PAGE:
Asthma attacks in pregnancy pose risk to mother and baby, large study shows
Women who have severe asthma symptoms during pregnancy have a higher risk of complications, such as pre-eclampsia, as well as being more likely to have a premature birth, research shows.
A Canadian study of more than 100,000 pregnancies also showed a greater risk of low birth weight and congenital abnormalities in babies born to mothers who had severe asthma symptoms during pregnancy.
Those who were having asthma attacks were 30% more likely to suffer with pre-eclampsia and around 17% more likely to suffer with high blood pressure during pregnancy compared with pregnant women whose disease was well-controlled.
Children’s risk of asthma up to the age of five years was 23% higher if their mother had experienced severe asthma symptoms in pregnancy, and their risk of pneumonia was around 12% higher, the European Respiratory Journal study showed.
Study leader Dr Kawsari Abdullah, research fellow at the Children’s Hospital of Eastern Ontario, said a large proportion of women with asthma are known to reduce or stop their asthma medication during pregnancy yet the results showed that uncontrolled asthma was the greater risk.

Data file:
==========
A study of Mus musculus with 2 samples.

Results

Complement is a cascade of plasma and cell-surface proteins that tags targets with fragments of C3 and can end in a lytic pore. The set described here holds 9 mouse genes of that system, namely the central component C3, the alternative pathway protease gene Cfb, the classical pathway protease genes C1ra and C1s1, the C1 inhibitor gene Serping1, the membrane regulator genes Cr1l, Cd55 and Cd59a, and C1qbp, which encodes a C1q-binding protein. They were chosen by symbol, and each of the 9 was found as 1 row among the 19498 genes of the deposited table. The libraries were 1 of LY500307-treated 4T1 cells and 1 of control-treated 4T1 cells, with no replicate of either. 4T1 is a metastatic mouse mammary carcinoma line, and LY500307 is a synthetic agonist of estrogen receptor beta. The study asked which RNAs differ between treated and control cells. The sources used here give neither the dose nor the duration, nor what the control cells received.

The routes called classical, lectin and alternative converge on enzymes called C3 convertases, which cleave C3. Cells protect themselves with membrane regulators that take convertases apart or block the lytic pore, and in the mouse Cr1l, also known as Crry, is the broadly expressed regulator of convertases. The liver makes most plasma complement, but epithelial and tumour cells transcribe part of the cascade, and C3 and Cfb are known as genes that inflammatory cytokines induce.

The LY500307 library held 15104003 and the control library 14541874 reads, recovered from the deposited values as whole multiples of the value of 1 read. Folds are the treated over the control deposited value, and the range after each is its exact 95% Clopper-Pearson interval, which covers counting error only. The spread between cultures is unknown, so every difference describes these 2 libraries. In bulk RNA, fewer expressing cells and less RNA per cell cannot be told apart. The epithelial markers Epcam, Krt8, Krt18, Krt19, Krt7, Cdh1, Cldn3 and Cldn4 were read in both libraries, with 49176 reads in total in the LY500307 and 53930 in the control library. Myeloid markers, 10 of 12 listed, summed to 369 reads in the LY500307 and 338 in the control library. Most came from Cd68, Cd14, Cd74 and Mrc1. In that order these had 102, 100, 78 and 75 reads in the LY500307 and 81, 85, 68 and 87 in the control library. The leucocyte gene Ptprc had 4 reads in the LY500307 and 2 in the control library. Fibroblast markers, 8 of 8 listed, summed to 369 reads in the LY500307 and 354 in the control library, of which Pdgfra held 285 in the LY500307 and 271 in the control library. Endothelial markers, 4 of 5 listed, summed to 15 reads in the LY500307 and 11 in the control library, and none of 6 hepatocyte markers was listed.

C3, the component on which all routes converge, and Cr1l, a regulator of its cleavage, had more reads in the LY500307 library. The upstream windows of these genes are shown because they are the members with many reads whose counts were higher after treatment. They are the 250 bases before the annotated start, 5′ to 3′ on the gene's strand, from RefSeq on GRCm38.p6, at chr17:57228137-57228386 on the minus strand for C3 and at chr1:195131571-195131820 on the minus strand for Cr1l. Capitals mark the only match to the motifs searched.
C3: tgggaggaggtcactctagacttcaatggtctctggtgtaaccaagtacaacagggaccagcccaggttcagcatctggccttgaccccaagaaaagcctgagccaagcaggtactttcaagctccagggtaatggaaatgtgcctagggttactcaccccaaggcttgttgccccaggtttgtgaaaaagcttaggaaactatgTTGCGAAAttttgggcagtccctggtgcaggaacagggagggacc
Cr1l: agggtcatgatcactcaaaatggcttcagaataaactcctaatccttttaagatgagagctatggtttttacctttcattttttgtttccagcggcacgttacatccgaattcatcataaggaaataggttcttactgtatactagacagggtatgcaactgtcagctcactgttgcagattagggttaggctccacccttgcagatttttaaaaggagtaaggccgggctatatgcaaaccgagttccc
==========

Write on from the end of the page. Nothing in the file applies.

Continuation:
‘Asthma is the most common chronic disease in pregnant women, affecting 8-13% of pregnant women worldwide.
‘If asthma is poorly controlled, patients can suffer with severe symptoms such as wheezing, coughing, or feeling breathless or tight-chested.’
She added: ‘Previous research has shown that one out of every three pregnant women with asthma will suffer severe symptoms, so we need to understand what this means for women and their babies.’
In all there were 4,455 pregnancies in 2,663 women who experienced severe symptoms while pregnant defined as five visits to the doctor, an emergency department attendance or hospital admission due to their asthma symptoms.
Dr Dermot Ryan, retired GP and honorary clinical research fellow at the University of Edinburgh, said the study underlined the importance of careful asthma control in pregnant women.
‘Pregnancy does strange things to the immune system in women - in many it disappears altogether in others it stays the same and in a number it becomes more difficult to control, and it is this latter group which have the exacerbations.’
He added that the authors had noted it was difficult to separate the cause of asthma exacerbation from adverse outcomes including smoking history and deprivation.
‘What is certain is that uncontrolled asthma with exacerbations will add to the insults already received by the unborn child in utero almost certainly making bad situations worse.’